Felix Arvid Ulf Kjellberg, better known by his online alias PewDiePie, attends the Social Star Awards 2013 in Singapore.

Some of YouTube's most popular creators are claiming they're losing both views and subscribers because of unannounced platform changes, like adding algorithms to highlight more advertiser-friendly content and pushing viewers toward "recommended" content over their channels.

Whatever the causes of those losses — YouTube declined to comment — it's just as likely to be the result of changing audience tastes more than YouTube changes.

"The discussion that is taking place right now isn't that they're going away," said Burnie Burns, chief creative officer of digital production company Rooster Teeth. "It's that they're going somewhere else."

Earlier this week, YouTube's top creator PewDiePie began lodging complaints that YouTube was highlighting other people's content over his own to his own subscribers and unsubscribing people from channels. He claimed the network was highlighting family-friendly, diverse content over his. He then said he would quit YouTube once he hit 50 million subscribers. Forbes estimated the online star, real name Felix Kjellberg, earned $15 million between June 2015 to June 2016.

While PewDiePie did follow through on his promise to delete his channel, it turned out to be online high jinks. The creator, who now has 50.1 million subscribers on his main channel, deleted a smaller account he created. He claimed in a video the whole thing was a hoax, and pointed out the numerous media reports that took him seriously. YouTube declined to comment on PewDiePie's stunt, and the creator did not respond to a request for additional comment.

However, the issues that PewDiePie brought up in his initial video have been around for some time. Earlier in September, YouTube creator Philip DeFranco, who has more than 4.9 million subscribers on the platform, said in a video that the platform was removing ads from some of his videos because they were not "advertiser-friendly" due to the strong language he uses.

In November, H3H3 Productions (2.8 million subscribers) accused YouTube in November of highlighting clickbait titles and images and not notifying channel subscribers when new videos were uploaded. That same month, user jacksepticeye (13.4 million subscribers) said lots of creators in the gaming scene had a 30 to 40 percent drop in views and subscribers in September and October. He claimed that YouTube was unsubscribing people from channels as well.

If the claims are true that these changes happened in such a short period, it is possible that algorithm changes to highlight other content may have occurred — something Google does have a history of doing. (YouTube has denied any recent changes.) But what's just as likely is that fans found these creators as teens and are now married young adults who are starting families. And, what they want to watch is vastly different.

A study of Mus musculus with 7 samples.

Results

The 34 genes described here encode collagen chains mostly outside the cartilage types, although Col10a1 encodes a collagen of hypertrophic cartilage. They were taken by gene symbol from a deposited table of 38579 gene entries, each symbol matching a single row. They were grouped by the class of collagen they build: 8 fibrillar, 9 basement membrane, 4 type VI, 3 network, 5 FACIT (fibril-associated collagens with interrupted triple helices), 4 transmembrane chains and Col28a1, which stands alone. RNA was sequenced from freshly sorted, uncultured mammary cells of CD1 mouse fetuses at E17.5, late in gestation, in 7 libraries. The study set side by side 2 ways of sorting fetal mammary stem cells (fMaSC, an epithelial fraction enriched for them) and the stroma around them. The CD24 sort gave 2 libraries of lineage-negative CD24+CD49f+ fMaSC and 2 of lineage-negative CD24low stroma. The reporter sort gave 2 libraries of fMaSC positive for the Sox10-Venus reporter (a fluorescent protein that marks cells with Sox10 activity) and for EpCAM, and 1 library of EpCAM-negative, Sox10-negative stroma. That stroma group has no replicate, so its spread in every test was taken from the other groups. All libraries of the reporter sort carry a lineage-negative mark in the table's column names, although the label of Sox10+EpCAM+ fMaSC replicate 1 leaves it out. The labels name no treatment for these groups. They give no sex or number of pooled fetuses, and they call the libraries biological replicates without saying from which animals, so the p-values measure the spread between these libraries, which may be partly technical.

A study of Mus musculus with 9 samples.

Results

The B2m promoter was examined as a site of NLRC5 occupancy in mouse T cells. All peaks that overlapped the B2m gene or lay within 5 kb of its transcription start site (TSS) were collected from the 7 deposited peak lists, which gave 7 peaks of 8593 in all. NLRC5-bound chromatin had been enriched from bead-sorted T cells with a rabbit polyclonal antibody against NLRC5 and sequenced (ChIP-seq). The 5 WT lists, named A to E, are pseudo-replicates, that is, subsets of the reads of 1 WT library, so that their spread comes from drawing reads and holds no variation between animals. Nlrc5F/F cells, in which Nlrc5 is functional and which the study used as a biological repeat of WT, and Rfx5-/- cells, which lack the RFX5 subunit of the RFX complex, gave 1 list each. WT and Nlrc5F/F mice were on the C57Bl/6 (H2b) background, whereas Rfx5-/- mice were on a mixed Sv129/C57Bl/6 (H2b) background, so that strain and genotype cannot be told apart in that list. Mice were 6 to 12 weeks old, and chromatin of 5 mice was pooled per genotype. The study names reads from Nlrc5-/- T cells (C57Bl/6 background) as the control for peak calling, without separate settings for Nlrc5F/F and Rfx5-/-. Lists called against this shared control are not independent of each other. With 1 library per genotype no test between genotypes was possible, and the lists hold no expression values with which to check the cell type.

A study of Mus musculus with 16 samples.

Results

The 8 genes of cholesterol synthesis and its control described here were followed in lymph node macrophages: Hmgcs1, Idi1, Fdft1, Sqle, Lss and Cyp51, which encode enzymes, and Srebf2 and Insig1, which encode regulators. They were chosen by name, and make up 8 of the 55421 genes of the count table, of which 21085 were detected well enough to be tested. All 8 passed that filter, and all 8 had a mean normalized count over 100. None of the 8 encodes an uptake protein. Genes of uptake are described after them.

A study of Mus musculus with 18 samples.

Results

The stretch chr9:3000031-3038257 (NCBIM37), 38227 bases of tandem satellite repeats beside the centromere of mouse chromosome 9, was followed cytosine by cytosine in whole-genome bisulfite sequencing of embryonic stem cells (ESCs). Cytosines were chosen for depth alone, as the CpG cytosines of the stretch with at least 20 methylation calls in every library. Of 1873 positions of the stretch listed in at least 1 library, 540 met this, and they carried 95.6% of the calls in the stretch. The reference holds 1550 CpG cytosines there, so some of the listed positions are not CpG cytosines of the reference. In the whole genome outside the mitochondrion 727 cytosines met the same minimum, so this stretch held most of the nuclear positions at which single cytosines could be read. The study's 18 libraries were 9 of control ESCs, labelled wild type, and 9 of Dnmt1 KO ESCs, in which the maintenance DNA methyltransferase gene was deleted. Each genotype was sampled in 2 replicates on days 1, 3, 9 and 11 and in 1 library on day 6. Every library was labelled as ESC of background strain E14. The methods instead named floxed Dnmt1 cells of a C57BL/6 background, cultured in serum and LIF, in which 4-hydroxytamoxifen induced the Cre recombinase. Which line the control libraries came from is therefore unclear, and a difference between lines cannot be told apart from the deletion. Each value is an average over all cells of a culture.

"In entertainment, If you can hit five, six, seven years at a high level that's incredible," Rooster Teeth's Burns said. "Online that's an eon."

With traditional companies like Disney and Warner Bros. investing in digital networks, and technology companies like AT&T and Verizon also dipping their toes into the game, there's better quality content on YouTube and more competition. Every minute, 400 hours of content are uploaded to the platform, CEO Susan Wojcicki last announced in July 2015. The company said viewing time is up 50 percent year over year.

"As viewers' viewing tastes become more sophisticated and as people are learning how to build a business, more companies are willing to fund higher production costs," said Burns.

Gaming, prank videos and vlogs about personal lives will remain perennial favorites, but companies are seeing growth opportunities expanding programming in other areas. Mom-friendly content is one such area, with AwesomenessTV's Awestruck and RTL Group's StyleHaul leading the charge.

"They want to talk about different things now," Stephanie Horbaczewski, CEO of RTL Group's multichannel network StyleHaul, previously explained to CNBC.

It's not only the tastes of the traditional audience that are changing, but what incoming new viewers want to watch as well. A recent study of 800 international Gen Z-ers by marketing consulting firm Faith Popcorn's BrainReserve showed that their tastes in online content differ from previous generations. Most notably, Gen Z-ers preferred fuel for creativity.

"People are just getting sick of [PewDiePie]," said Popcorn. "He's becoming like a Donald Trumpian ranter."

The survey also found that Gen Z-ers leaned toward content about cooking, how to deal with stress and life, and liked educational marijuana-themed content.

"[Watching YouTube] is more for inspiration," said Janet Siroto, managing director at Faith Popcorn's BrainReserve. "It was not 'I want to lean back and relax and watch people commenting on video games.'… It was 'I want to be inspired by people like me to do something creative.'"

In any case, PewDiePie is still a big winner from this controversy. In the six days after he posted his video, he gained 638,100 new subscribers to his channel, according to ListenFirst Media. In the six days before the video, he had only added 91,100.